Mayor Nutter announced Thursday that effective October 1, city workers would receive a 2.5 percent increase in pay. This in the midst of union negotiations that have been stalled for three years. The point of contention – pay raises at the expense of worker benefits.
The compensation package, unveiled publicly Wednesday after private briefings for elected officials, union leaders and the news media, apparently has a two-pronged purpose – to provide a raise for nonunion personnel who have gone without a pay increase for up to five years, and to show the administration’s commitment to the basic principle that the cost of any employee wage increases must be covered by equivalent concessions in work rules and benefits.
“It is unfair to deny compensation improvements to one group,” said Mayor Nutter, “simply because union leaders representing non-uniformed employees decline to act in the interests of current and future employees and taxpayers.”
The 5,500 employees affected would receive a pay increase, the first in more than five years, but would also be required to pay more in health care costs and pension contributions.
“This is not something we would accept,” said Cathy Scott, president of District Council 47.
Close to 12,400 administrative and union employees are at the heart of the debate.
Perhaps the biggest change is a revision to healthcare benefits for employees in the city’s HMO plan, which could dramatically increase costs for some employees. The city offers two health plans — an HMO and a PPO plan. Under the new benefits package, PPO costs for employees would remain roughly the same. For employees enrolled in the HMO plan costs would jump — in some cases tripling.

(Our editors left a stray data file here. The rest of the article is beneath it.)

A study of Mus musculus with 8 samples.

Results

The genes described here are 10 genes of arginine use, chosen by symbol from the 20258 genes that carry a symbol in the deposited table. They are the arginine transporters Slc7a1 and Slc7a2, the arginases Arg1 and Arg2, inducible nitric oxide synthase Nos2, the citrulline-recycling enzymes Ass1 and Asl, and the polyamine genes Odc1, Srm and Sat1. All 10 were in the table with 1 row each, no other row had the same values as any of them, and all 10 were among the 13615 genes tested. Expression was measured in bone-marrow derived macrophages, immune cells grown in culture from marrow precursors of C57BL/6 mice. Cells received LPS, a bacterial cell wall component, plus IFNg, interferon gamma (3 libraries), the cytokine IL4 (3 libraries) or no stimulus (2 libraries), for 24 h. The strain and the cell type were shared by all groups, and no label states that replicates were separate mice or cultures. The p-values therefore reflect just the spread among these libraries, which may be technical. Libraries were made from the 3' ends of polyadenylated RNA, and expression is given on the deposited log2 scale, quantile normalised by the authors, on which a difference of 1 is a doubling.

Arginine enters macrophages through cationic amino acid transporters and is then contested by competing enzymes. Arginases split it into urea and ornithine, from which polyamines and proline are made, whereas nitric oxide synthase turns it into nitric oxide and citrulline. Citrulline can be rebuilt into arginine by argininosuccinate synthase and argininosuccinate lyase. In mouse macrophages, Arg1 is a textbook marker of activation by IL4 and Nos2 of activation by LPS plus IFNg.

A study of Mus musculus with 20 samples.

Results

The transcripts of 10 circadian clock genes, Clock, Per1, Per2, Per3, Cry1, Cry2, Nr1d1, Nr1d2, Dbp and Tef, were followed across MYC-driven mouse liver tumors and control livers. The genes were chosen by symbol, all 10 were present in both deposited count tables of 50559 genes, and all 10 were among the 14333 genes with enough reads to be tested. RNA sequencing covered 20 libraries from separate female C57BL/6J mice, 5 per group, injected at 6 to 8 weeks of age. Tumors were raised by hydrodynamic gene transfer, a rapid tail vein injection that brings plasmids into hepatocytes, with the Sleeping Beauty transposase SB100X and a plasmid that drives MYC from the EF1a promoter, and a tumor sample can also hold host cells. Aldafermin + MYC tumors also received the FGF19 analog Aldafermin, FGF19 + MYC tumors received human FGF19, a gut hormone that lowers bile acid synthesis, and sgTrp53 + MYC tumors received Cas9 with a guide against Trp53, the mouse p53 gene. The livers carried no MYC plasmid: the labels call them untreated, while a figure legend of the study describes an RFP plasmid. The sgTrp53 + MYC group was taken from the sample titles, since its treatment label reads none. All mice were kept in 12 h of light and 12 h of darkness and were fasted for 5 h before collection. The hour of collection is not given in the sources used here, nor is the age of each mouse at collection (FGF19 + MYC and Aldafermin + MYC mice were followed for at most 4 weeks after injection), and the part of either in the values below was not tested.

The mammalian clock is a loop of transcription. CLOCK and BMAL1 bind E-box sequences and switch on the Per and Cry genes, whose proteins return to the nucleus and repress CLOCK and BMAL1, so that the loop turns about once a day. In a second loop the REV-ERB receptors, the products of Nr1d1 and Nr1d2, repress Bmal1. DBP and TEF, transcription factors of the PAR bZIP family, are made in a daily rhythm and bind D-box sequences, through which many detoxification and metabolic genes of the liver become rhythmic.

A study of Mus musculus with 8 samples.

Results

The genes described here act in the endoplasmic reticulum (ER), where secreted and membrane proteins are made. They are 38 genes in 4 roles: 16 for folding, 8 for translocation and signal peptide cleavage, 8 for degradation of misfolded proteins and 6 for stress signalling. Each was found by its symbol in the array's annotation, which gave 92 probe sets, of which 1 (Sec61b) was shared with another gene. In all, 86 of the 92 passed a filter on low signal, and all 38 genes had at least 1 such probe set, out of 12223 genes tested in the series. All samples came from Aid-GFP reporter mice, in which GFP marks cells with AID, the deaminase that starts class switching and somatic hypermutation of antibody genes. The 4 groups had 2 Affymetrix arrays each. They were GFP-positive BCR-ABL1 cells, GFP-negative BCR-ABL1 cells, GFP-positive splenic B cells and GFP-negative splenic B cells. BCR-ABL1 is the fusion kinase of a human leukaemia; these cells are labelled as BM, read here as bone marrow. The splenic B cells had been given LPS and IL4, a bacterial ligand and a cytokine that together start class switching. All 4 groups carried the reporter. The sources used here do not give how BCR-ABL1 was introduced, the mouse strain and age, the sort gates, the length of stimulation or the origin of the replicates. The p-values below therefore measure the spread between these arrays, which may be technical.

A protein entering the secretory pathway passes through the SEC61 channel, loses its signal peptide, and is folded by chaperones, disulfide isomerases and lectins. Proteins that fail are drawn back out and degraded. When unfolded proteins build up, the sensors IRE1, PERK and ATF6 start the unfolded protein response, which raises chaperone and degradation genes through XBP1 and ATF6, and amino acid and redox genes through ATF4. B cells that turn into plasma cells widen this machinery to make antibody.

Exact costs depend on the specific employee, but according to figures provided by the administration, for the average employee with family benefits, the cost would go from $42 a month to $141. For a single employee the costs would rise from $14 a month to $49.
Several of the city’s service workers have reached agreements in their union negotiations, including police officers, city prison guards, probation officers and deputy sheriffs. Their contracts are current. However, the city’s firefighters have not reached agreement.
For the second time, the city is appealing an arbitrator’s ruling giving a pay increase to city firefighters, on grounds that the arbitrator paid inadequate attention to the city’s still-precarious finances.
Historically, the city has provided wage increases to civil service personnel, city court workers, administrative officials and first-level supervisors throughout the city to match whatever it negotiates with the non-uniformed employees in DC 33 and 47.
Due to the prolonged stalemate with the unions, said Mayor Nutter’s chief of staff, Everett A. Gillison, the administration decided to move ahead on its own and impose a new wage package. The package, according to Gillison, pays for itself with benefit concessions, i.e., higher co-pays for health insurance and higher contributions toward employee pensions.
Overall, the plan would cost the city just above $17 million over the next five years. According to Budget Director Rebecca Rhynhart, the cost is about one-tenth of one percent of what the city is likely to spend over the five-year period.